KZUM's on-air existence dates to 10 p.m. on a snowy Valentine's Day 1978, when volunteer programmers David Luebbert and Mason Youngman plugged a tape player into the station's transmitter.

The first tune broadcast on the 10-watt station was the jazz standard "My Funny Valentine," by Miles Davis, from his NAACP benefit performance in 1963.

The first half-hour was jazz. New wave filled the back half of the hour.

"We listened to our recorded program playing on the radio in Mason's van while we froze ...," Luebbert wrote in a station history on his Web site,

www.songtrellis.com.

"My Funny Valentine" actually wasn't the first tune, but the first one the station played after getting Federal Communications Commission approval. The station's founders, led by legendary Lincoln activist Ron Kurtenbach, had been running on-air tests, waiting for an OK from the FCC.

They had applied for the license under the name Sunrise Communications Inc. years earlier, but the only available noncommercial frequency was close to WOWT in Omaha. And the TV station worried the radio station would interfere with its signal. KZUM had to prove otherwise to the FCC.

"In late 1977, we trudged through the snow and knocked on hundreds of people's doors to ask if we could glance at their TV screens as we performed our broadcast tests," Luebbert wrote.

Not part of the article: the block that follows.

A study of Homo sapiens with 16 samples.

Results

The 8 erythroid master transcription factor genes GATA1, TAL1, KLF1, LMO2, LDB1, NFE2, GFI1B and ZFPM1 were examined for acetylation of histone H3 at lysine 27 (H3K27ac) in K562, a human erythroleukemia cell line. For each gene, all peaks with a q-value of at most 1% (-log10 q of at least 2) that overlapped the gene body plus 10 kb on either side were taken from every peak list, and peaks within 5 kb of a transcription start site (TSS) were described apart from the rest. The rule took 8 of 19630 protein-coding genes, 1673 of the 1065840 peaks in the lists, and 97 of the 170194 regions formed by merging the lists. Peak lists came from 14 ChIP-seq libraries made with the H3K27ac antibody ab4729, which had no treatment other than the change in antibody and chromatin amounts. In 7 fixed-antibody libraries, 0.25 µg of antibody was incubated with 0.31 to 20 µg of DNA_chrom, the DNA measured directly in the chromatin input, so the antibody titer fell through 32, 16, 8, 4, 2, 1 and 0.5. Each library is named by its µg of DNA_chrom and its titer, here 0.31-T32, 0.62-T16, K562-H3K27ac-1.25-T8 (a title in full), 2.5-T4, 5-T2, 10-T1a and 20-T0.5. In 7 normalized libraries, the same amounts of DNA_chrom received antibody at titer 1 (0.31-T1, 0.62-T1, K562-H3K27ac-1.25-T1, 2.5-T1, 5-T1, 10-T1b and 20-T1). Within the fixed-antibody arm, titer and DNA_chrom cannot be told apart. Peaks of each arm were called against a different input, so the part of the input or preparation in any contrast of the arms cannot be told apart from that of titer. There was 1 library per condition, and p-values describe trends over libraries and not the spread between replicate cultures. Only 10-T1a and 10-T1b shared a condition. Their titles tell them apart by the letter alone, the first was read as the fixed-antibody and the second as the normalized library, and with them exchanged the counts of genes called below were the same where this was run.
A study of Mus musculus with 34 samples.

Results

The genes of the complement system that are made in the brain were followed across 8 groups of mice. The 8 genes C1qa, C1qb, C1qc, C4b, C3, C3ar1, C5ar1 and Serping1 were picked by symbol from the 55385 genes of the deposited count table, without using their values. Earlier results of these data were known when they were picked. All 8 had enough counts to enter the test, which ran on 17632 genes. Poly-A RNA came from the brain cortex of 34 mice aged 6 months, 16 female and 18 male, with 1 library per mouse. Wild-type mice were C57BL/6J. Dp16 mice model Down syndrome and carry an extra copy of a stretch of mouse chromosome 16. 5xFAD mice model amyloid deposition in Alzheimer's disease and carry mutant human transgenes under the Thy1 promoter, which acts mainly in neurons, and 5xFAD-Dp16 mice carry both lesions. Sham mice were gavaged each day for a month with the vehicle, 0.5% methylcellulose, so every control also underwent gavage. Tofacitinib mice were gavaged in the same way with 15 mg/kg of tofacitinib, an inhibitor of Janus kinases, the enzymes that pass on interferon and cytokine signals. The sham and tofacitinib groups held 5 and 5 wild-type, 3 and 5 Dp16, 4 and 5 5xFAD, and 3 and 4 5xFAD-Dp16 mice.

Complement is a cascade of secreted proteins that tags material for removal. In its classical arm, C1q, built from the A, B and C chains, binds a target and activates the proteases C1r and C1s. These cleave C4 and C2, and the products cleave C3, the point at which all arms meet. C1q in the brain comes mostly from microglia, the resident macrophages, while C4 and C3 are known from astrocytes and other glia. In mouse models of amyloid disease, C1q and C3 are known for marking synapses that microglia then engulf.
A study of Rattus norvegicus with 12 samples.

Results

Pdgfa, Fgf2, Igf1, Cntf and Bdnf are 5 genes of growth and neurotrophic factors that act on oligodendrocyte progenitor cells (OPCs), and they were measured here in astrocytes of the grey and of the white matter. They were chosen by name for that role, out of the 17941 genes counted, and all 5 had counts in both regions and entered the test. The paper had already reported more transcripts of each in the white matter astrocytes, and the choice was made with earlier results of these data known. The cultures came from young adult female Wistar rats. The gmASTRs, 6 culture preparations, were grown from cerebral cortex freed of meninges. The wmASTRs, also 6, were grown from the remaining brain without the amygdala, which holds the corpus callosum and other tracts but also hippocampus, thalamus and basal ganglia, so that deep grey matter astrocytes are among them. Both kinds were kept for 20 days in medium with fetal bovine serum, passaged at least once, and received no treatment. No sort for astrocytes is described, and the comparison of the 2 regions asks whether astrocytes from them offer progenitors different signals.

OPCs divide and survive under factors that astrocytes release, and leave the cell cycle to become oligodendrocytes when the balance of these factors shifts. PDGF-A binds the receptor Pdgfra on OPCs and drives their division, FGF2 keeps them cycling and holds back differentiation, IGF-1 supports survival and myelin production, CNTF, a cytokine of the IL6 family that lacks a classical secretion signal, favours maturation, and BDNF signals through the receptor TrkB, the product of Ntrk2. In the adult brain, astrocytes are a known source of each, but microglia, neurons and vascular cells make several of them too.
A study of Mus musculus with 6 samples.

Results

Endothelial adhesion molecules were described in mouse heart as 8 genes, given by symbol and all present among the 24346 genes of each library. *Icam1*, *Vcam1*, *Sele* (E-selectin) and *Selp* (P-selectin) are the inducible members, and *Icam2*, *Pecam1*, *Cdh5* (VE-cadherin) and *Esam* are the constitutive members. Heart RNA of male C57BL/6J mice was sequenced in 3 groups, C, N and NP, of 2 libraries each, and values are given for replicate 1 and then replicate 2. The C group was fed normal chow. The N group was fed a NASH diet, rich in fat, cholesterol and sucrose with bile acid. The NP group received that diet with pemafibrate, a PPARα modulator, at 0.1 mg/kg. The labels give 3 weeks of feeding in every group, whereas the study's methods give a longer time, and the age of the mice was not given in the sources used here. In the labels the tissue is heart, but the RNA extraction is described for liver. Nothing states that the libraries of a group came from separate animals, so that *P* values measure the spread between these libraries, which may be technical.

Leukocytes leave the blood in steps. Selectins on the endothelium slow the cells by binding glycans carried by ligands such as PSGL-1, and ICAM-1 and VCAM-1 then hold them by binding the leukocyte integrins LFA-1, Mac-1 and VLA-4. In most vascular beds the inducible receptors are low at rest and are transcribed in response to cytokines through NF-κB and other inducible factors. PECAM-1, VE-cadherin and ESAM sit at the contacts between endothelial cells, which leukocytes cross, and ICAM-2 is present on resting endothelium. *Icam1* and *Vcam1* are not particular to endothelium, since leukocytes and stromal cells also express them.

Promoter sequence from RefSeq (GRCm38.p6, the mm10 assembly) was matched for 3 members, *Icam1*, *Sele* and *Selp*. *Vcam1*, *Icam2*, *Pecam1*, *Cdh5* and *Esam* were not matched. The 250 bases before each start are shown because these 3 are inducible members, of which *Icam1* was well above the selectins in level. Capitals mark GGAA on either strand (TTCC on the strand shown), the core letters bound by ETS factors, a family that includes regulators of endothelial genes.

KZUM's first home was a 6-by-10-foot space beneath Open Harvest, a cooperative grocery, at 27th and Randolph streets. The station made a series of moves over the years before ending up on the 10th floor of the Terminal Building.

Along the way was a building on 12th Street between K and L streets. It had no heat, and programmers brought electric space heaters and wore overcoats to keep warm.

Its home at 23rd and D streets had a landlord who kept his German shepherd on the porch. The dog often could be heard barking over the airwaves.

The station received FCC permission to boost its signal to 1,500 watts about the same time it moved to the Terminal Building. The increase allowed KZUM to reach listeners across Lincoln.